What do you need for a good adventure? A good plan, enough money and some experience. When he set off on his journey to the backcountry of some of the most iconic American national parks, Rob Erwin didn’t have any of these. Nevertheless, his trip turned out an inspiring series of encounters with wild nature and small-town America that he eventually described in his book, Lost With Directions.
>>> Read an excerpt from Lost With Directions here!
We reached out to Rob to ask him a few very important things about challenges and adventures.
– Who is Rob Erwin and what are his dreams?
– I’m just a small-town guy from Illinois who’s spent most of his life doing things I really had no business in doing. I never played a minute of football in my life, and then went on to coach college football for seven years. I never swam a lap in pool in my life until a few years ago, and now I’m training for my first Ironman triathlon. I had no formal writing training, and managed to write a best-selling travel book last year. My goal is to continue learning from all my adventures and experiences, and eventually share something great with the world. I’m not there yet, but I’m working on it.
– Why is the leap from ‘I have a boring job’ to ‘I’m following my dreams’ so hard for most people?
– We’re all afraid of something.
For many, the greatest fear in their lives is what will others think of me? In particular, what will others think of me if I fail?
The thought of failure, and the pain we associate it, is sadly what keeps many of us from taking chances in our lives.
But what really hurts more? Going on a great adventure, even though you might fall short of your ultimate destination? Or following the herd, and successfully arriving somewhere that, in the end, doesn’t really matter? That’s the question for me.
– What was your biggest ‘mistake’ on the road that you laughed at later?
– The time in the Pelican Valley of Yellowstone, when I sprayed myself in the face with bear spray definitely stands out. And, no, there wasn’t actually a bear involved.
– Why does the wild backcountry attract you?
– Depending where you’re at, the backcountry can be a pretty scary place when you’re out on your own. But I love the adrenaline rush. It’s frightening going through dense brush in grizzly country, or being miles from anyone else in a mountain valley where you just watched a wolf chase down an antelope. But it’s also really exhilarating. You have to dig deep and find the courage to keep going, and for me, that’s always been a rewarding and exciting experience.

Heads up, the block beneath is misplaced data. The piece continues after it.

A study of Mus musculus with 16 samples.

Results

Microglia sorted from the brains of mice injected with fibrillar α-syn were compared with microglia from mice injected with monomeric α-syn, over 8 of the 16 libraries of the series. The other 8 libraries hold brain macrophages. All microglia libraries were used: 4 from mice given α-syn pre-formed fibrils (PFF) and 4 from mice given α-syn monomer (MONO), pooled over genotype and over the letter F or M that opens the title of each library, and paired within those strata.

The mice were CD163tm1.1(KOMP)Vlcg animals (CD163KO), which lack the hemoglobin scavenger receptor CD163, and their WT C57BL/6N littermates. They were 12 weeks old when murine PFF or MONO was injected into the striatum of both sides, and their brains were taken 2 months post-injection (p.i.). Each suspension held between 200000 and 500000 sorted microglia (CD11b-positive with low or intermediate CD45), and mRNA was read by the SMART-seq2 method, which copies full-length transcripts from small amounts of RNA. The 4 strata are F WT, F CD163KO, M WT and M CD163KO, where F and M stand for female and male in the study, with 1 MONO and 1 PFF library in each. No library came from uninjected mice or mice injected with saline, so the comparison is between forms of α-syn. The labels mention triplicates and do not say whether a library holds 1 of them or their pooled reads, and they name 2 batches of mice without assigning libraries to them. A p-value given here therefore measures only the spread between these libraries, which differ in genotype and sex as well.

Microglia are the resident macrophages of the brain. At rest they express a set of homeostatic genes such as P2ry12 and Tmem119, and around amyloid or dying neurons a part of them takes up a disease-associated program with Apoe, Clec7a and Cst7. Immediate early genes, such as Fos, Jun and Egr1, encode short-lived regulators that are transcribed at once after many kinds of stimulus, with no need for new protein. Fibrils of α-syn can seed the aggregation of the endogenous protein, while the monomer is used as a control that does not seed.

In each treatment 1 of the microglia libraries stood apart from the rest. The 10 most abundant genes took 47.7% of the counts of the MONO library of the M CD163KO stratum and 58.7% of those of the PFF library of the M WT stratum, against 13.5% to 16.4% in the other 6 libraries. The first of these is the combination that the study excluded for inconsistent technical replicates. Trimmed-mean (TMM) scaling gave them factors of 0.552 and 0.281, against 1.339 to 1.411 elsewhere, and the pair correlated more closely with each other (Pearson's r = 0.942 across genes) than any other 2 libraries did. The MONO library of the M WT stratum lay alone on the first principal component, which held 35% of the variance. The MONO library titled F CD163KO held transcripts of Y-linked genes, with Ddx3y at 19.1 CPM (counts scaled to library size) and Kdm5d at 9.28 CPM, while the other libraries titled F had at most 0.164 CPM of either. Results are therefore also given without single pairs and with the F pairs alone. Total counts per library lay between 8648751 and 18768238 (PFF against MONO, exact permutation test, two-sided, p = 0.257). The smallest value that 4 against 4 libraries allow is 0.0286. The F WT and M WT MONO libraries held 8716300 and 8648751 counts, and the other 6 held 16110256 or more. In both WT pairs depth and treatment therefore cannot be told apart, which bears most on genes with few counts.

– If you have to list five reasons for people to travel more often to small towns, what would they be?
1) You never know what you’re going to find. (Big cities are already well-traveled, it’s really hard to find something that hasn’t already been written about 1,000 times.)
2) You never know who you’re going to find. It takes an uncommon kind of person to live in small-town Appalachia, or the Northwoods of Minnesota, hours away from the closest major city. I’ve met some pretty incredible individuals in these types of towns. (You’re also bound to run into some pretty unusual characters, as well.)
3) Great food. I always eat better in small towns.
4) Cheaper. You won’t break the bank staying the night.
5) Unexpected history. Many of America’s small towns weren’t always so quaint and sleepy. As the population migrated towards the cities in the 20th century, they left behind some pretty incredible stories in their former frontier outposts, boomtowns, and rural hubs.
– What’s your next travel challenge?
– My next travel challenge is a pretty big project, which I’ve already started.
Several years back, I came across the travel series Departures on Netflix. It followed the multi-year journey of two travel companions around the world, and it truly changed my life. The whole time I was watching, I just kept saying to myself, “These guys are living at a different level than the rest of us.”
Departures inspired me to go on the journey that eventually became Lost with Directions: Ambling Around America, and it’s also the inspiration for my latest project, my own travel miniseries.
I’ve currently filmed two installments, with the ultimate goal of four episodes. Each one explores a different part of America, and is shot in a different season. For instance, the Summer episode takes place across the American West, while the Winter episode was shot in the Northwoods of Minnesota and Canada.
It’s been an amazing process, and I’m excited to share it with others. (Anticipated release in December 2018.)
All photos: Rob Erwin. Discover more about his book on its website Lost With Directions.